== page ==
Concerns about the lack of standardised signage to warn seafarers about the dangers of enclosed spaces have been raised in a report on the death of an AB in a cargo hold earlier this year.
The Singapore Transport Safety Investigation Bureau (TSIB) report also reveals confusion among crew members over the use of emergency equipment while trying to rescue their colleague, who died while trying to retrieve a dropped dog handle.
The accident occurred in April this year while the Singapore-flagged bulk carrier Nozomi was at anchor off the coast of Indonesia after loading a 57,000-tonne cargo of coal.
While waiting for a pilot and for paperwork to be completed, four crew members were tasked with greasing the dog handles on the booby hatch to a cargo hold. Three of the seafarers discovered the AB lying on the coal cargo at the bottom of the booby hatch ladder.
The third officer and the chief cook both attempted to rescue the seaman by entering the cargo hold wearing emergency escape breathing devices (EEBDs). Investigators said it was fortunate that these attempts did not result in the two men also becoming victims as a result of using ‘inappropriate’ equipment. Tests carried out three days after the accident showed oxygen levels at well under half the level needed to sustain life.
The TSIB found that the seafarers mistakenly believed EEBDs should be used for all the closed space entry and rescue drills onboard, even though the devices were not listed in the safety management system as rescue equipment for enclosed spaces. Investigators said they could not determine how such a ‘misperception’ had developed when the records showed the AB and the chief cook had participated in at least six enclosed space entry and rescue drills, and the third officer had taken part in four such drills.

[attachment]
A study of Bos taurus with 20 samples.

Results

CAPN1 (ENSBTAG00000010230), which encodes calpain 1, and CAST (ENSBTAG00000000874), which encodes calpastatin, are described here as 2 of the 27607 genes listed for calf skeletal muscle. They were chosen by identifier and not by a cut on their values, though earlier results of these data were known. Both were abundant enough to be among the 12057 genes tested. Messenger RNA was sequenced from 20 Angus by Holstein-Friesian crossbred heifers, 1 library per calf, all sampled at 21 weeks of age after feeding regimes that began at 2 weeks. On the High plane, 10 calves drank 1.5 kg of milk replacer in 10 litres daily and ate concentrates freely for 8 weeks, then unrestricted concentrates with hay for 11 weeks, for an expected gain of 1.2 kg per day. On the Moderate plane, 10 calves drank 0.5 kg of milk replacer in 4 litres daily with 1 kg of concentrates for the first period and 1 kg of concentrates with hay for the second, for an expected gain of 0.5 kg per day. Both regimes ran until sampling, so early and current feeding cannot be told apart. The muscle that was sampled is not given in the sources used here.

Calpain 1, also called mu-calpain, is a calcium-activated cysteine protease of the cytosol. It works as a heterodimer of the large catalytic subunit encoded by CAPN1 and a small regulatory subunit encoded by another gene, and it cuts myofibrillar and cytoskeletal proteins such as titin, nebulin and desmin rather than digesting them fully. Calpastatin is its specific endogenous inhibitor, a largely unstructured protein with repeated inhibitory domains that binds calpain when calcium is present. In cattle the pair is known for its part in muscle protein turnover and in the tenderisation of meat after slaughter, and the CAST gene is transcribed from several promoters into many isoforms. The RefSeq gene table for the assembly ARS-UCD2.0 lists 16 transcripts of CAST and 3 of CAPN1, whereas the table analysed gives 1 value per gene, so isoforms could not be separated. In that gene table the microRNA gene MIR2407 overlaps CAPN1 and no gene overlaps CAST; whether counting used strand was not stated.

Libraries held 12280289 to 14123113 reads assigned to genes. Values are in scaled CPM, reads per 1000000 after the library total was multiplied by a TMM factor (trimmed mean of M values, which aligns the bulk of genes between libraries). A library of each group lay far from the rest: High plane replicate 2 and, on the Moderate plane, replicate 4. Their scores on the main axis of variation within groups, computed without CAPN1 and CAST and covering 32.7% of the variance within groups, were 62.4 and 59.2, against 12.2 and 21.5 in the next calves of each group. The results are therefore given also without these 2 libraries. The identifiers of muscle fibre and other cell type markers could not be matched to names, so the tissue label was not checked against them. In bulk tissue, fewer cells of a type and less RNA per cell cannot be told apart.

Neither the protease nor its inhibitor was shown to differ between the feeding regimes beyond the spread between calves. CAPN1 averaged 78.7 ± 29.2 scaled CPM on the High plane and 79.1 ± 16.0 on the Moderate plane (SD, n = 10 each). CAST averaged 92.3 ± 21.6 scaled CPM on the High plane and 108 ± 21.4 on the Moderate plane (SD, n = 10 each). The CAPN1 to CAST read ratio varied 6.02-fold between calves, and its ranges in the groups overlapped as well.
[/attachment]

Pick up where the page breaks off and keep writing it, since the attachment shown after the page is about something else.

The cargo hold booby hatch had an external sign stating ‘Keep closed at sea’ and an internal sign stating ‘Check safety before entry’.
‘While such a reminder can prompt an individual to carry out some checks, it does not highlight the risks associated with enclosed spaces entry,’ the report points out. ‘It is thus desirable that proper signage be placed to warn the crew that the cargo hold should be treated as enclosed space when it has been sealed for some
Investigators noted that there is no standard signage for enclosed spaces for use on ships, and while a standard is being developed by the International Maritime Organisation, the owners should consider posting, ‘in conspicuous places on the ship’, signage ‘in a manner
that is understandable by all crew to provide a constant reminder of the risks of entering the cargo hold’.
The report concludes that a risk assessment should have been carried out before the ‘impromptu’ work to grease the dog handles as this might have highlighted the ‘worst case scenario’ of having to enter a cargo hold.
Investigators also said they were unable to establish why the rescue attempts had not been carried out by the designated trained emergency squad.